IT'S not only the weather that is heralding the end of summer...
Having enjoyed a relatively stable few weeks on the markets, at the end of last week we saw a return to high levels of volatility, with the sell-off being led by the large tech stocks - Apple was down 11 per cent, Tesla 16 per cent and Amazon and Facebook were both down 7 per cent from their highs last week.
Nasdaq, the US index with a high proportion of technology stocks, fell by 6 per cent in two days. However, to put this into context, at close of business on Friday, since the start of the year the Nasdaq index is up 26 per cent, the S&P 500 is up 6 per cent while the FTSE 100 is down 23 per cent. A somewhat depressing statistic for the traditional UK investor.
This sharp movement in the market has inevitably led to speculation that it is the start of something bigger and unsurprisingly has resulted in comparisons with the dot.com bubble at the turn of the century. History rarely repeats itself exactly, though and there are a number of important differences when we compare the two periods.
Firstly, despite all the uncertainty the fall at the end of last week has not coincided with a broader panic: the bond market and the currency markets remained relatively untroubled, unlike the sharp falls in the first quarter of the year when equity market falls were part of a wider pattern of risk aversion.
Also, unlike the market slump in the early part of the year, there was no obvious fundamental trigger. Of course, coronavirus rumbles on with the focus shifting from one country to the next as new statistics are released, but nothing changed dramatically for the worse last week.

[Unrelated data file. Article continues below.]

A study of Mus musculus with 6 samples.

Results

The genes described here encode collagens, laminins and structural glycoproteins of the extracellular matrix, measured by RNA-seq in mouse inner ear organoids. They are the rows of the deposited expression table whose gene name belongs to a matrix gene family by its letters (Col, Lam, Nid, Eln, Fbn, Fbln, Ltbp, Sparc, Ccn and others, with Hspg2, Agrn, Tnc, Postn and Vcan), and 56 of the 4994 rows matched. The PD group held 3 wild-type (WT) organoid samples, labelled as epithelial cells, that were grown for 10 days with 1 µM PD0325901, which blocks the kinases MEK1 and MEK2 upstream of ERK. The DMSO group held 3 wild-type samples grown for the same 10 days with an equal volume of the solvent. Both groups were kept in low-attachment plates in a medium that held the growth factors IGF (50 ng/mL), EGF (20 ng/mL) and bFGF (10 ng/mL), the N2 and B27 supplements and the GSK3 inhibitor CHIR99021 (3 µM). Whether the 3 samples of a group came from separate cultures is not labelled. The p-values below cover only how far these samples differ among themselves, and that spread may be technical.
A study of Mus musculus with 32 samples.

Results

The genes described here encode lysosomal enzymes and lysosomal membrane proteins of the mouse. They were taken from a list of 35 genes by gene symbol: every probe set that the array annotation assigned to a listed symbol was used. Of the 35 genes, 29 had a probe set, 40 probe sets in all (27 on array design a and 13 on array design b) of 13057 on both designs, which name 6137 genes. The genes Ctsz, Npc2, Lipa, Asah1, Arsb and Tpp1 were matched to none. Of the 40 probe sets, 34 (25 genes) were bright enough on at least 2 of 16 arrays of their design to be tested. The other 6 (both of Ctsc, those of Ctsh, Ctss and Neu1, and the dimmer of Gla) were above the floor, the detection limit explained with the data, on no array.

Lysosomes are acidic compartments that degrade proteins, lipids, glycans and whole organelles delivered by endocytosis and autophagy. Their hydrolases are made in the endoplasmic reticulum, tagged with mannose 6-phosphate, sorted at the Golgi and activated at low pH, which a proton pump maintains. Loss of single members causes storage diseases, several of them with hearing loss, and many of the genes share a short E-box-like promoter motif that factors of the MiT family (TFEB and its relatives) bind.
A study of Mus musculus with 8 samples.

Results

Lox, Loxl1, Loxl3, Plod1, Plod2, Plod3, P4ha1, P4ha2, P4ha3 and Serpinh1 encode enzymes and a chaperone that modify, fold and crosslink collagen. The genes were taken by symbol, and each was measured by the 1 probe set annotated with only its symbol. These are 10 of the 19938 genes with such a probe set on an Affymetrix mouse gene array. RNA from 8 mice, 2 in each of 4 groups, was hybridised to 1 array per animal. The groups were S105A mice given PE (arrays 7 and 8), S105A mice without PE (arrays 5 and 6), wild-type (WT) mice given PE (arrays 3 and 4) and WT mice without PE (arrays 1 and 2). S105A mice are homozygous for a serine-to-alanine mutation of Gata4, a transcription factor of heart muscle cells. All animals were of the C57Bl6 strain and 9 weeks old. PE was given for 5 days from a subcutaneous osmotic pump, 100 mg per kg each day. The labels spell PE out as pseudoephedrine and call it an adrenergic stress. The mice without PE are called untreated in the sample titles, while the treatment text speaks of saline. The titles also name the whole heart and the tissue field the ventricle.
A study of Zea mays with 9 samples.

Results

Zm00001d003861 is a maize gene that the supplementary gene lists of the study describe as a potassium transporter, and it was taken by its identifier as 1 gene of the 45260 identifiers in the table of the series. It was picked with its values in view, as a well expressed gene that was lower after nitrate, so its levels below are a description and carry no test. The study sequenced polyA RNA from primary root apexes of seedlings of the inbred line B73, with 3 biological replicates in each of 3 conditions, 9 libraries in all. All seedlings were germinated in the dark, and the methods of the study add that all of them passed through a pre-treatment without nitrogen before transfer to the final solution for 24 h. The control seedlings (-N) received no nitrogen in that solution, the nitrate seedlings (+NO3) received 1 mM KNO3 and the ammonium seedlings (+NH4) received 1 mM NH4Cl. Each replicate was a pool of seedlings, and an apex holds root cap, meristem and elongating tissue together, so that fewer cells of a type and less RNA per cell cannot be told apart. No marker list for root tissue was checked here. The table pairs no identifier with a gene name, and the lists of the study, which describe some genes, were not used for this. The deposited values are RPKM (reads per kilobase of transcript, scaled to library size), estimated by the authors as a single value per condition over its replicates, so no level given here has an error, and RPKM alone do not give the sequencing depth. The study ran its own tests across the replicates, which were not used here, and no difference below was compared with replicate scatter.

Economic recovery (particularly in the US) is proving to be reasonably strong, as evidenced by the regular official statistics. Clearly there is scope for bumps in the road to recovery and many uncertainties remain, but nothing changed dramatically over the course of last week.
Even with the falls last Friday, big technology stocks have risen by 80 per cent since mid-March which was the low point for markets. In contrast to the situation in 2000, the largest tech firms are highly profitable and although valuations look expensive, they are not so obviously unsustainable.
However, there is clearly an element of overheating in the market and one more worrying aspect of the dizzying rise of the big tech stocks is the rush of amateur retail investors to back the big seven.
There is something of a disconnect between sections of the market and the real world: the global economy still faces huge uncertainties, with the pandemic far from over and we have yet to see how businesses will emerge from the crisis.
Currently there are multi-billion stimulus programmes which are propping up the economy and which will eventually have to be paid for. The markets are looking forward and anticipating a technology driven cycle, which few would deny, but there will inevitably be some setbacks along the way.
Cathy Dixon is a partner at the Belfast office of Smith & Williamson Investment Management. This article does not constitute a recommendation to buy or sell investments and the value of any shares may fall as well as rise.